The head of a Fairfax County police union called for a boycott of a popular pumpkin patch because a “Black Lives Matter” sign was displayed in the window of a home nearby.
Brad Carruthers, president of Fairfax Fraternal Order of Police Lodge 77, said he would not patronize Centreville’s Cox Farms and urged others to do the same in a lengthy message posted on the union's Facebook page on Tuesday. Carruthers has since removed the post, writing that its intent was misrepresented and some of the dozens of angry comments that were left on it were inflammatory.
In the initial message, Carruthers posted a photo of the sign and wrote that displaying it was a “slap in the face” to the Fairfax County police.
“When Black Lives Matter emerged, it was a small group trying to do the right thing,” Carruthers said in an interview. “The fact of the matter is it seemed like that movement got hijacked toward anti-police sentiments.”
Carruthers added he felt some Black Lives Matter activists had helped foment violence toward police officers across the country.
Mike Curtis, the founder of police watchdog group Northern Virginia Cop Block, blasted Carruthers’s call for a boycott and circulated the Facebook post.
“I think they use things like this to create a false war on cops,” Curtis said. “They want to create the impression they are under attack from everyone. Cox Farms works hand-in-hand with the police.”
Erika Totten, a Black Lives Matter activist in D.C., said she views the post as an effort at “intimidation and control.” She said she also thought it was “odd” for Carruthers to focus on a small business.
The owners of Cox Farms issued a statement about the boycott on Thursday.
“We have always believed that we had a very positive relationship with our local police department,” the family wrote on Facebook. “We have contracted FCPD officers to provide security for our festival for over a decade. We have supported their fundraising efforts, donated to their Police Unity tour, employed their children, and offered discounts to officers on our Public Servants Weekends. Neither our family nor our business is anti-cop, and we are absolutely anti-violence, against anyone. For this reason, we were especially surprised that the FOP and so many local officers jumped on the call to boycott our business and make such hateful accusations against us via social media.”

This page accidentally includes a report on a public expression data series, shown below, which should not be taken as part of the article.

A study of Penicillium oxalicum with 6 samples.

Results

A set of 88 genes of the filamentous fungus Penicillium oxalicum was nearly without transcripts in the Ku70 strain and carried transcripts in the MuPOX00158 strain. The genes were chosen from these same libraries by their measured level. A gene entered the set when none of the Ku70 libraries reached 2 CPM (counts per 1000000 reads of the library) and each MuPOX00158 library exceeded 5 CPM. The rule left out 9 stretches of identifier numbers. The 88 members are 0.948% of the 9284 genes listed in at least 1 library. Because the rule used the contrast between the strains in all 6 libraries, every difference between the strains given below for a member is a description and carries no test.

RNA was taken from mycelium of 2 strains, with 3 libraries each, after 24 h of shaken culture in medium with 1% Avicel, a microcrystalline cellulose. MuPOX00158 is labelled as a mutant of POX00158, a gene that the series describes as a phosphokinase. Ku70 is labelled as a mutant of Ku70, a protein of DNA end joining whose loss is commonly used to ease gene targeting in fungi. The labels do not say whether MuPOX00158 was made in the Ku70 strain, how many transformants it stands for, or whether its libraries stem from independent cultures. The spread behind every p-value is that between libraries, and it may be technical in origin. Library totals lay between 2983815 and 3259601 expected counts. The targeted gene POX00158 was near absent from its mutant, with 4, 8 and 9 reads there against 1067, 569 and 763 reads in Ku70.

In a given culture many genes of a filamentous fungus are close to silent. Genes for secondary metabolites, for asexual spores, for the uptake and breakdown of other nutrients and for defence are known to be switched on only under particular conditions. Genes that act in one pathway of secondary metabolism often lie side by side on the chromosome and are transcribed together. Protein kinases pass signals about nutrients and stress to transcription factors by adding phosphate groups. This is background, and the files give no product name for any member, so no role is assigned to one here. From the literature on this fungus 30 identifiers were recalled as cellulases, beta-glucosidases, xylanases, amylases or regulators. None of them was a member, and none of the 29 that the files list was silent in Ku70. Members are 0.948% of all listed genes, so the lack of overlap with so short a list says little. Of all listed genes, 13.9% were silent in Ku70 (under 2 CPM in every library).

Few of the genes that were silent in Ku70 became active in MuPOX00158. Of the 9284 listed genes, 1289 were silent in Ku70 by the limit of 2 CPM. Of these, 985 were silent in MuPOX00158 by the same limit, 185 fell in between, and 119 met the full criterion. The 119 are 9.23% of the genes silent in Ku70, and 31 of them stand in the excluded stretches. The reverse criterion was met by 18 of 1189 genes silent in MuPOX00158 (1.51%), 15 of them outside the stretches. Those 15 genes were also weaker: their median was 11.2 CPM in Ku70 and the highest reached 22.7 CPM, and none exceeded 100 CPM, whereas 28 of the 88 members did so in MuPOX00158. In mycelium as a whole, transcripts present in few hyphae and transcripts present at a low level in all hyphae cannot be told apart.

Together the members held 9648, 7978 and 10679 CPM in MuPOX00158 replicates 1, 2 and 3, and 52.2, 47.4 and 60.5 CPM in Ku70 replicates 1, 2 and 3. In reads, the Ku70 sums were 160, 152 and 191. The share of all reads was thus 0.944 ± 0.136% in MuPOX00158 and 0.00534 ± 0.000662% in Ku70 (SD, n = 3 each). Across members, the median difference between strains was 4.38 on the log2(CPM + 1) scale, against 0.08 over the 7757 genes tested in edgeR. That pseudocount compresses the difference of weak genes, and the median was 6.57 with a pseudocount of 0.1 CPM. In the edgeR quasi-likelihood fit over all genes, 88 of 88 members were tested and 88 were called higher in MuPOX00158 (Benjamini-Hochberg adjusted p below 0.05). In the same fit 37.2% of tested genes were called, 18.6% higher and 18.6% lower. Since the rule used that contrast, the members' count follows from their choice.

Carruthers wrote in the initial Facebook post that an off-duty Fairfax County police officer had noticed the sign when he was at the farm with his family. Carruthers called the sign “disturbing and disappointing.”
“This is a time in which law enforcement is the target for criticism for almost everything they do and officers are constantly questioned by the public and the media without the benefit of all the facts,” the Facebook post read. “The presence of this sign at Cox’s Farm helps perpetuate this kind of behavior and judgment. I know you have heard it all about a million times but the truth is that ‘All Lives Matter.’ ”
Carruthers finished by writing: “I hope you will join me and my police family and make a choice to go somewhere else to enjoy your family fun this fall, where you will not be confronted by such baseless criticism and judgment.”
Carruthers wrote that the sign was displayed in the window of one of the farm's management buildings, but a comment posted from the Cox Farms Facebook account said the building was a private residence of one of the farm’s owners and was not on the farm’s property.
The post drew strong reactions from hundreds of commenters on Facebook.
“Thanks for being completely out of touch with the rest of society,” one person wrote.
Others defended Carruthers. “I agree with this police department — you can't have it both ways,” another wrote. “You can't expect extra help from your local police and post propaganda from a group calling for police deaths. BOYCOTT COX FARM. There are plenty of other places to take your kids that are a good example.”
Fairfax County Police Chief Edwin C. Roessler Jr. said Carruthers had the right to free speech, but was not speaking on behalf of the department.
“I'm a neighbor of Cox Farms,” Roessler said. “That sign does not offend me. The sanctity of human life is paramount in our profession.”